Lela Loren is spending her summer hanging out with crime bosses looking to go legit.

Loren, who has a recurring role in Fox's "Gang Related" (9 p.m. Thursdays), also stars opposite Omari Hardwick ("Being Mary Jane") in the new Starz drama "Power" -- 9 p.m. Saturdays on Starz, beginning tonight -- where she's playing Angela Valdes, a government lawyer and the long-lost love of James "Ghost" St. Patrick (Hardwick).

Ghost, who she once knew as Jamie, is a now-married drug lord who dreams of making his nightclub sideline his only business.

Written by Courtney Kemp Agboh ("The Good Wife") and produced by rapper Curtis "50 Cent" Jackson, who'll also play Ghost's old boss, the music-intensive "Power" uses a premium-cable level of sex and violence to tell what Hardwick and Loren see as a very old American story.

"I don't think that the black market's a new thing," Loren said last week during a visit with Hardwick to Philadelphia to promote the show. "It's always been a part of history and it's been one of the ways that immigrants and disenfranchised people move into the middle class."

"He's no different than a bootlegger," Hardwick said of Ghost.

"You have these conflicting world views," Loren said. "You have the world of what's legal and then you also have within Ghost's world . an incredible code of ethics that he tries to stick to. While someone like Angela is on the right side of the law, but she's shady. She cuts corners, and is selfish.

"It blurs the lines of who the villain is, who the heroes are. It makes it fun as an actor to get to play in those murkier waters."

There's blood in those waters.

"It's definitely fun to be able to one day just play daddy (on the show), and then the next day, the call sheet says you're going to kill somebody," Hardwick said. "That's really cool to play in one character." While he said that it's becoming increasingly hard to do those latter scenes, especially because he's lost relatives to gun violence and is a father himself, he finds them necessary to storytelling.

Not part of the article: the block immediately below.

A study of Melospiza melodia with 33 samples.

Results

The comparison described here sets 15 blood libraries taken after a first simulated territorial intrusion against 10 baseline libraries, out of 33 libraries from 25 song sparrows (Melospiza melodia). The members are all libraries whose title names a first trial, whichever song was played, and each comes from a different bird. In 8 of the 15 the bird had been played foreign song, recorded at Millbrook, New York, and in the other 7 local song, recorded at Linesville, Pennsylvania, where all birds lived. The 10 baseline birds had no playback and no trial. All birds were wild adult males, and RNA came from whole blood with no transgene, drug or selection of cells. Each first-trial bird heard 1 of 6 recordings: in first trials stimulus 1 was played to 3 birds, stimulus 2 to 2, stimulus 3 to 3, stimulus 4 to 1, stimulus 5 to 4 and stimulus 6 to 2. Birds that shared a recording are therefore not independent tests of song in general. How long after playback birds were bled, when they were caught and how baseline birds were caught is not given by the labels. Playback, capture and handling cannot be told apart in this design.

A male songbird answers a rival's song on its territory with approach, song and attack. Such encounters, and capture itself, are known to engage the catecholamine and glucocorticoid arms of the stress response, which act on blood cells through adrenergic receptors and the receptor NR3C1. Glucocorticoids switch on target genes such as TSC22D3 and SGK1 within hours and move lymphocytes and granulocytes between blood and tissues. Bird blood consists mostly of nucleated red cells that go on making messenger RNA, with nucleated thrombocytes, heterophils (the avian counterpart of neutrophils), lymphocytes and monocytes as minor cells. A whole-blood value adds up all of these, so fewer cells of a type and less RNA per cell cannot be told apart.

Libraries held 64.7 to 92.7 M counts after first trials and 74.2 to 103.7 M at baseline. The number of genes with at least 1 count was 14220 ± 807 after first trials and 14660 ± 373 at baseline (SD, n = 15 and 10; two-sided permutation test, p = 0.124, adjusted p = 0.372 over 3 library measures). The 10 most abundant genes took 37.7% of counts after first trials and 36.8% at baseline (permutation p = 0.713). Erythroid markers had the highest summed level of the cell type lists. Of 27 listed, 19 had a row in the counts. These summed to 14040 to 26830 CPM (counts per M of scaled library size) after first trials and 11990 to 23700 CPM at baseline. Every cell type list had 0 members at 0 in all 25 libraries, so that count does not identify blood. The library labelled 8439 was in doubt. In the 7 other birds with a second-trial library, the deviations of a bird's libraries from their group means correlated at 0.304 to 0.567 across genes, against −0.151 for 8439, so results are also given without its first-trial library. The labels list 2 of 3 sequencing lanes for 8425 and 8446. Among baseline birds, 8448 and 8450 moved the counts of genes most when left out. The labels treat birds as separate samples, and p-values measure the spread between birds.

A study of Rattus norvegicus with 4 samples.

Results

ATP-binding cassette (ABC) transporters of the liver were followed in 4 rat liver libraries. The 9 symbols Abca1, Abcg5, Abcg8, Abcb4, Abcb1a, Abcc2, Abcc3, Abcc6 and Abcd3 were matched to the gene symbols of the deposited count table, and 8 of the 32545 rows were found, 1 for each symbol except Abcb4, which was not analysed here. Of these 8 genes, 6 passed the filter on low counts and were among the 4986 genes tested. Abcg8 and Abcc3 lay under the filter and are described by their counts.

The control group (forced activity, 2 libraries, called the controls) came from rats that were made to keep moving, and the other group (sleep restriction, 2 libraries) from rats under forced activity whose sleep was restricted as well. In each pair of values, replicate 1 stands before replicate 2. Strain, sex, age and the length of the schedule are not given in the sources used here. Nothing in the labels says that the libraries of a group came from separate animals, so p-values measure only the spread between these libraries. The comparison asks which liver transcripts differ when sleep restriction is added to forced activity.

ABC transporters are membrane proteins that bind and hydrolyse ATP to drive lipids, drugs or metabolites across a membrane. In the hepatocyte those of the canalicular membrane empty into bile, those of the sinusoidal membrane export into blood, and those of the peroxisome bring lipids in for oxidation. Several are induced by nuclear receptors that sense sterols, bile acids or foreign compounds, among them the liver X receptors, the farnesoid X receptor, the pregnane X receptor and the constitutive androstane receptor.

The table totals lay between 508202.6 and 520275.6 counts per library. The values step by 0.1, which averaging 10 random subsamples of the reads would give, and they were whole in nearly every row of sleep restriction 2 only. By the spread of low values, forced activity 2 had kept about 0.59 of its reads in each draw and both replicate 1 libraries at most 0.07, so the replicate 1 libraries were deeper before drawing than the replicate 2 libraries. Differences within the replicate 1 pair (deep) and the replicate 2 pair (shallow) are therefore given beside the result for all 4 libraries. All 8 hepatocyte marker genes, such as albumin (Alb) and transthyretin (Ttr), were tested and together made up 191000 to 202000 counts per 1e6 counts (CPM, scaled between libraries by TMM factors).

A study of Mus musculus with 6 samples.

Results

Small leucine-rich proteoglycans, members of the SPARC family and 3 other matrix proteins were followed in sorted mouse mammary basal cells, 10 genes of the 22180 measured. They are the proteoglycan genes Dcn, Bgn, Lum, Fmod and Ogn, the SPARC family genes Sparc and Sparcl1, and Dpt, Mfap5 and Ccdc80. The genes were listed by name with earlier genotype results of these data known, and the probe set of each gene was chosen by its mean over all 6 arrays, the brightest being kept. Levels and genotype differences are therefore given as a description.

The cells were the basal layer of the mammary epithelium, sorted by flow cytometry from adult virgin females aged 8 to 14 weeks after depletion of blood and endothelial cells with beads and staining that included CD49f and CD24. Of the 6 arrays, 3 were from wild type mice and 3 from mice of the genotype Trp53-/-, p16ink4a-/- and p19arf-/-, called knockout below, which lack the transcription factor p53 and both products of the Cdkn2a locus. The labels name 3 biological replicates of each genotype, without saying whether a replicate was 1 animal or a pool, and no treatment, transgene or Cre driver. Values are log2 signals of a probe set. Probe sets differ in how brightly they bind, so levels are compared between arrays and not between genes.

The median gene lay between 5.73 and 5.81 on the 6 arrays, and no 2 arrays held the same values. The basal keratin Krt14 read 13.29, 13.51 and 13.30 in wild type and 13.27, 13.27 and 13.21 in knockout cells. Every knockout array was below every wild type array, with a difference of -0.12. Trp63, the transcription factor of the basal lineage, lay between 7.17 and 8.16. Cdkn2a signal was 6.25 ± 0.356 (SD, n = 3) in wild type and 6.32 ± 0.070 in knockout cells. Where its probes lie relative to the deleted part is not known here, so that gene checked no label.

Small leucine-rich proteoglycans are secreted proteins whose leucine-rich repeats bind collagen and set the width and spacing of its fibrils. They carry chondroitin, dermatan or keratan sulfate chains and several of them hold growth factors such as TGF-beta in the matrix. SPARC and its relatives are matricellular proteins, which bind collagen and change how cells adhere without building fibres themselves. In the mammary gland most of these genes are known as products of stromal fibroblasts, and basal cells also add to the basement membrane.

Double standard

Hardwick's more disturbed, he said, by people who continue to watch violent shows and then ask why they're so violent. "You're watching me play it. And now you're turning around and judging it? I could never get through Episode 1 if I was judging the character."

"I think the thing is, that people ask these questions and they worry about being desensitized and are we romanticizing violence and all these things, and it's a little hypocritical of us in a sense because these are the darker shades of human nature," Loren said. "And in our society, we like to divorce ourselves from it and pretend it's not true "

"And in our own households," Hardwick added.

"But it's rampant, and it's where you see our instinctual nature play out," said Loren, noting that her character has demons, too.

Blood and guts

"There's a term, and (the Spanish poet) Federico Lorca talked about it in the 1930s," she said. "It's called duende. And it literally means, like, this fairy that lives in the walls. It's the opposite of golden inspiration. It's the blood and the guts that come up through the soles of your feet and choke you on the way out of your throat.

"But it's vital. It's not the pretty pastel colors, it's like all the deep sepias and ochres and blacks. And it's not necessarily fun to play in those colors, but it's incredibly satisfying. Because there would be massive consequences if you had to do it in your real life."

"We're not curing cancer," said Hardwick, warming to his co-star's theme, "but we're supposed to change the spectrum of thought and embrace the dark duende inside them that (people) run from."